Here We Go Magic is like a lab experiment that we’ve all been invited to witness. At the project’s inception, the name was merely an alias for Luke Temple, who wrote and recorded 2009’s self-titled album on a 4-track recorder from his home. Around the time of that first release, Temple turned his solo moniker into the namesake of a full band. Last year, despite just a short time together, that band released Pigeons, a collection every bit as transitional as it was rewarding. The group was clearly still angling their sound, dipping their toes into different waters just as Temple had previously done by himself. The process has been as much a part of Here We Go Magic’s sound as guitars or synthesizers.
With The January EP, Here We Go Magic’s experimentation with neo-psychadelia and trance-inducing harmonic pop continues, but it now seems that the group’s eureka moment is extremely imminent. From the stick count that opens “Tulip,” this EP’s most rewarding cut, these six tracks are noticeably more lively than anything off of Pigeons. And though that album may have been enjoyable, that was ultimately what kept it from leaving a more indelible mark: it just wasn’t energetic enough. There are still moments where the band keeps some of their punch on reserve, like on “Hands in the Sky” or “Mirror Me,” but even in these moments there’s a distinct glow that has always felt sheltered coming from Here We Go Magic. Either by virtue of confidence or comfort, this looser sound is a welcome leap forward.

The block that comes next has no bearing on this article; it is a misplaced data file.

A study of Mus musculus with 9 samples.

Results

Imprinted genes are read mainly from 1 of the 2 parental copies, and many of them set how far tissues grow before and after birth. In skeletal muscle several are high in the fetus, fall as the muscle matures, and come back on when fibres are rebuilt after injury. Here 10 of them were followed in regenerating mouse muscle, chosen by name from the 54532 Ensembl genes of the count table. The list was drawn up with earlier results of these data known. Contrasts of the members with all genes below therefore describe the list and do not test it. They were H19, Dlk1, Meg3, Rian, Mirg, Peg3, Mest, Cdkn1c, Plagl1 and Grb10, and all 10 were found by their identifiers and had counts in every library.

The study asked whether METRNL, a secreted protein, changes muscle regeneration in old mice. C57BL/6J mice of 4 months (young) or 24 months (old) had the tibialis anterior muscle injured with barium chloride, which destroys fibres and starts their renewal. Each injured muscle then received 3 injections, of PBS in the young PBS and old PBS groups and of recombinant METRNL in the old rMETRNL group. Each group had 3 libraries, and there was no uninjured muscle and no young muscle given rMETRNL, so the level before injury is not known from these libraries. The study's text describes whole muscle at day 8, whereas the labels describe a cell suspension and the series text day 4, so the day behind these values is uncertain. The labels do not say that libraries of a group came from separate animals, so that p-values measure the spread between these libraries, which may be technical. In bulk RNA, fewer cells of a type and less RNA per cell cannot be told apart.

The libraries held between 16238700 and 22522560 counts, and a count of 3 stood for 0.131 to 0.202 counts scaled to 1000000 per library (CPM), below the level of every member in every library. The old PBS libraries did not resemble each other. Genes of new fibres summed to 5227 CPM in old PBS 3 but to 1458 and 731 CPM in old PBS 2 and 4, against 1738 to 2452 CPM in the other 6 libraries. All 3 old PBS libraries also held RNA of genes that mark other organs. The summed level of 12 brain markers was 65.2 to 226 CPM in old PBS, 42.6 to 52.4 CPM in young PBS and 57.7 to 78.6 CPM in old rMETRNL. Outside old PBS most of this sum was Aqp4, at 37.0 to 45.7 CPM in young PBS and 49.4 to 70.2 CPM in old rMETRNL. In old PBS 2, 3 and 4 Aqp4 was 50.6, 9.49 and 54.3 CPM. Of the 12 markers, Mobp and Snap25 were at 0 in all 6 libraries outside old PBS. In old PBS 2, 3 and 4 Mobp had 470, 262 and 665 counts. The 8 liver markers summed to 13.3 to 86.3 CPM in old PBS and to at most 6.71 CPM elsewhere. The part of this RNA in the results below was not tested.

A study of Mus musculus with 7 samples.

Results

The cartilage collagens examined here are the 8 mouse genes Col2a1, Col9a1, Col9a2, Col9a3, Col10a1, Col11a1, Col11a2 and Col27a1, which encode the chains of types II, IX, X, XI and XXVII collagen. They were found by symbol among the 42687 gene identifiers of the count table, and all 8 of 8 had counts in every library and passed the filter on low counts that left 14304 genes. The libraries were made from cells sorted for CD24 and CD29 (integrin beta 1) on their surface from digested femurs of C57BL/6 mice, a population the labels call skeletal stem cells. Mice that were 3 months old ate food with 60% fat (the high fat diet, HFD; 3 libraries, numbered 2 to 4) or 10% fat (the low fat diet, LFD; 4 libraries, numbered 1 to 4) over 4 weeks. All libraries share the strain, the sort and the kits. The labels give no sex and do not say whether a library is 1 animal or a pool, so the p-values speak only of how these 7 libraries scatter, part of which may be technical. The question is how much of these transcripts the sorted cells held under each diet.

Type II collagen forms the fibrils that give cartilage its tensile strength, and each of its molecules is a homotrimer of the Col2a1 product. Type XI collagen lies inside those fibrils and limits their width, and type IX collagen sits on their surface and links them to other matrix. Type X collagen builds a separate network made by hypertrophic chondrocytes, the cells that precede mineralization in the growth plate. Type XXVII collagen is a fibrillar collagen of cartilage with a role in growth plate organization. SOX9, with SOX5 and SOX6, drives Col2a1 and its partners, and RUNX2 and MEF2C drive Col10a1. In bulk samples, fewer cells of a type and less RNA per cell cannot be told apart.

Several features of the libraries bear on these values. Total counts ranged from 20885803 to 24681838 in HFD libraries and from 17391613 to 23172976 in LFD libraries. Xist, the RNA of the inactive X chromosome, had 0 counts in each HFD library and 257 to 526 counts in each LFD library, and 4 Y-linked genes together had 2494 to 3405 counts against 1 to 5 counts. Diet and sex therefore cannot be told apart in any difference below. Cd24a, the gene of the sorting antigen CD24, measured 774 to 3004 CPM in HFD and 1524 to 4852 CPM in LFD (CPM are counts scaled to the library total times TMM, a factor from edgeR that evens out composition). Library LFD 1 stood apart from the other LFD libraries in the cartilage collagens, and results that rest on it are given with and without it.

Further proof that the band has turned a corner and truly sits on the brink of something special is “Song in Three.” Though it may take a few spins to fully grasp – really, the same could be said about any track Here We Go Magic has ever done – it’s as rewarding as anything the project has released, dating back to “Only Pieces” and “Tunnelvision” from their debut. One thing the band has a knack for doing is swirling their instrumentals around in circles, often repeating the same notes in the same patterns over and over again with little, if any, variation. They do something very similar on this track too, but this time around they’ve packed on enough layers – sprightly bursts of percussion off in the distance, the quick zip of a synthesizer – to accomplish the same hypnotic soundscape without coming across overly repetitive. Right before our eyes (or ears, as it were), you can actually hear this band settle into their groove.
The January EP is still ripe with development, but its also easily the group’s most complete collection yet. Looking back, it might have been too early to declare Here We Go Magic a band on the rise after that first album, as many of us did (myself included). The project was still very much in its infancy. But now, clearly, the group has momentum on their side and seems locked into a promising direction. On the strength of these six songs, it now seems fitting to resuscitate those declarations.
Plugging away since 1999, The National finally hit mainstream success with the release of their 2010 album High Violet. Of course, this entailed their first world tour, but in the new documentary Mistaken For Strangers, it’s only the backdrop for the relationship between lead singer Matt Berninger and his younger brother Tom, who had no idea that these short videos he was shooting would turn into a public document of their troubled, if still loving brotherhood.